A couple of weeks ago, we discussed three players that underperformed in 2022 that have strong rest-of-career outlooks (Diontae Johnson, Mike Gesicki, and Jakobi Meyers). In this article, we’ll do the opposite: take three aging veterans that appear to be on the decline.
Lots of players are declining at any point in time, but there are three in particular that stick out when looking at the market’s expectations. You’ll want to Go Short on these guys now before their stocks tumble even further in 2023.
Going Short on these guys means you’re expecting their stock price to decrease. That’s exactly what I’ll be doing, and that’s exactly what I’ll be recommending you do as well. After reading the article, let me know if you agree. You can hit me up anytime on Twitter @AdamKoffler to talk about it.
And as always, don’t forget to use those Multipliers to supercharge your bets in order to potentially increase your earnings. Let’s go!
For starters, Smith-Schuster’s share price is inflated from the recent Super Bowl win where he banked a whopping $0.47. Without the Super Bowl win, he’d have banked just over $0.09 with his seven catches for 53 yards. Instead of banking $1.99, he’d have banked just $1.61 during the 2022 season ($0.09 per game). In his two fully healthy seasons in Pittsburgh (2018 and 2020), Smith-Schuster banked $2.32 ($0.15 per game) and $1.71 ($0.10 per game).
Now let’s look at some of the metrics. One might have thought Patrick Mahomes would take Smith-Schuster’s career to new heights. However, that wasn’t really the case as JuJu earned the lowest target share of his career (17.4%) since his rookie season. His 15.4% red zone target share was a career-low too.
Additionally, per PlayerProfiler, his route participation dipped from 95.9% in 2020 to just 76.3% in 2022 while his snap share was also the lowest of his career at just 70.2%. Thankfully for, his catchable target rate was a career-high 91.1% due to Mahomes throwing him the football. If not for his quarterback, Smith-Schuster might have been looking at a very mediocre season in Kansas City.
And now he’s a free agent, so there’s a chance he’s not back with the Chiefs in 2023. If not, it’s possible we see even more of a decline from the 7th-year wideout. Currently, the Mojo market expects him to earn another $6.98 before he retires. That’s a higher Future Value than target Diontae Johnson, Chris Godwin, Stefon Diggs, and Davante Adams.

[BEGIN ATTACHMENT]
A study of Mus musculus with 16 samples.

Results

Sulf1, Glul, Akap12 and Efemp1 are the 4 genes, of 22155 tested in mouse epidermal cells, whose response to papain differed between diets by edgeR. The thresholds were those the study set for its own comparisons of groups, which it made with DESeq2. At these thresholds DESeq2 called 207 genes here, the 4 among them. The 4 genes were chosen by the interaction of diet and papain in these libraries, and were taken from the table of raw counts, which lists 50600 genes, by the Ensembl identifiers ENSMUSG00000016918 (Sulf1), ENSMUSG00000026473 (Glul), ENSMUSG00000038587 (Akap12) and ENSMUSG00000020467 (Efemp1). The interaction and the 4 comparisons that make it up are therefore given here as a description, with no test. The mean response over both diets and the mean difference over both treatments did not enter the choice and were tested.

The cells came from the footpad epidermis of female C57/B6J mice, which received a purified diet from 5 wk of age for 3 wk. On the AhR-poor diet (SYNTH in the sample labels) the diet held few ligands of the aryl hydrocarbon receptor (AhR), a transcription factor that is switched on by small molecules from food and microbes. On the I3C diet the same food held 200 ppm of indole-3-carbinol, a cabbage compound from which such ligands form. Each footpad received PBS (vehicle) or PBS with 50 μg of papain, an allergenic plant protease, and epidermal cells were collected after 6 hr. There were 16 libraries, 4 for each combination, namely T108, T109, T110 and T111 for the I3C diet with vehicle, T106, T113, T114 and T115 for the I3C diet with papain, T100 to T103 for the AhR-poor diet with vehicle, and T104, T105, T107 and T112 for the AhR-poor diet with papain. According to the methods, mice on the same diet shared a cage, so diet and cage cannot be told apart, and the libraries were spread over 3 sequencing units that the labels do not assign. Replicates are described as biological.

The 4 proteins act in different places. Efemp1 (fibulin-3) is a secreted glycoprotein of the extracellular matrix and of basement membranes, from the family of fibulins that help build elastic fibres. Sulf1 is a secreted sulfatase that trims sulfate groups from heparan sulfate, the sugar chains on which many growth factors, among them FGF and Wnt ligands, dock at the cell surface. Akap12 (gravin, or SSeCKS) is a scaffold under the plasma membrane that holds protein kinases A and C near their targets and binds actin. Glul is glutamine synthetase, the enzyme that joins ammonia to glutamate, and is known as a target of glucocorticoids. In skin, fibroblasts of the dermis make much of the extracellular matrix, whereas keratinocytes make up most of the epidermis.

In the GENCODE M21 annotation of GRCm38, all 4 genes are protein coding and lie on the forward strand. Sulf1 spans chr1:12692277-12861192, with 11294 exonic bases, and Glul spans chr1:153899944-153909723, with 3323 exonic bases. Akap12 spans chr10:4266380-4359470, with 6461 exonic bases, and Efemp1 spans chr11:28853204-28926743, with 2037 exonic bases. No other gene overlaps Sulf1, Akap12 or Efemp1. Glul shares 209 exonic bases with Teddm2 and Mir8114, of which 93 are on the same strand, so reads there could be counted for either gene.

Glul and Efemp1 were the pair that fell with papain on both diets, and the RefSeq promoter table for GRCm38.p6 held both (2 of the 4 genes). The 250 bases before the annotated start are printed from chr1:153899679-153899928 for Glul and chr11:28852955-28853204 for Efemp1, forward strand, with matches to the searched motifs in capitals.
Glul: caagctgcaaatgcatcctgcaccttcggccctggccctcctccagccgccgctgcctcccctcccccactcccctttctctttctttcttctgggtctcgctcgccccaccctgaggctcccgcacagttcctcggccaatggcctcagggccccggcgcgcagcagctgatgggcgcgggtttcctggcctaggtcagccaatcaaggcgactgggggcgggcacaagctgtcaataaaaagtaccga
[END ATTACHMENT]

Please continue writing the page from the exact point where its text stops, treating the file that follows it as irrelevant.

The time to Go Short on JuJu’s is now, right after his stock price has been pumped up by a Super Bowl victory.
Mixon has earned $12.58 of Mojo Value so far in his career. That includes $5.60 in the last two seasons. He played in 17 games this season (including the playoffs) and only banked more than $0.15 in six of them (35.3%). His Week 9 performance against the Carolina Panthers in which he rushed for 153 yards and four touchdowns netted him $0.46. That was the most Mojo Value any RB earned in a single game all season and accounted for 3.7% of his entire career earnings!
The market expects Mixon to earn another $4.38 before retirement. If you took his outlier Week 9 performance in 2022 and made it his average per-game earnings across the other 16 games, he’d have earned $0.11 that week. Then, his per-game average would have been just over $0.12. With a Future Value of $4.38, the market expects Mixon to play roughly another 36 games at his 2022 production.
But Mixon is heading into his age 27-season in 2023 and he’s already showing signs of decline. Per PlayerProfiler, Mixon regressed sharply in all of the following efficiency metrics:
He’s going to need to rely on high touchdown rates and lots of targets moving forward if he’s going to reach his market expectations. In fact, Mixon has a higher Future Value than guys like Aaron Jones ($3.78), Derrick Henry ($4.11), Dalvin Cook ($3.49), and everyone’s favorite rookie Isiah Pacheco ($4.25). I believe all of those running backs have a better future outlook than Mixon as it stands today.
Williams had by far the best year of his career in 2021, racking up 1,146 yards and nine touchdowns on 129 targets. It was also only one of two seasons (out of six) that he’s played at least 16 games. The other four seasons, including this past season, he’s missed multiple games. And even when he plays, he’s not guaranteed to finish the game in large part due to his play style. In 2022, he played fewer than 65% of the snaps in three games (23%). That also happened twice in 2020, when he had to leave early or was limited due to injury.
After banking $2.02 in 2021, Williams accumulated just $1.41 in 2022. His per-game earnings also dropped from $0.13 to $0.11. Another thing that dropped was his target share (18.2%) and target rate (20.9%). Per PlayerProfiler, his expected fantasy points dropped from 14.9 in 2021, to just 11.7 in 2022. Not great!
Currently, Williams has a Future Value similar to Stefon Diggs. Diggs is only a year older than Williams and just came off a season in which he earned the second-highest target share of his career (28.4%).
With a Future Value of $5.53, the market expects Williams to play approximately another 50 games (over three seasons) at his 2022 production. I’m just not sure he’s capable of sustaining that level of production as he approaches 30 years old given his style of play.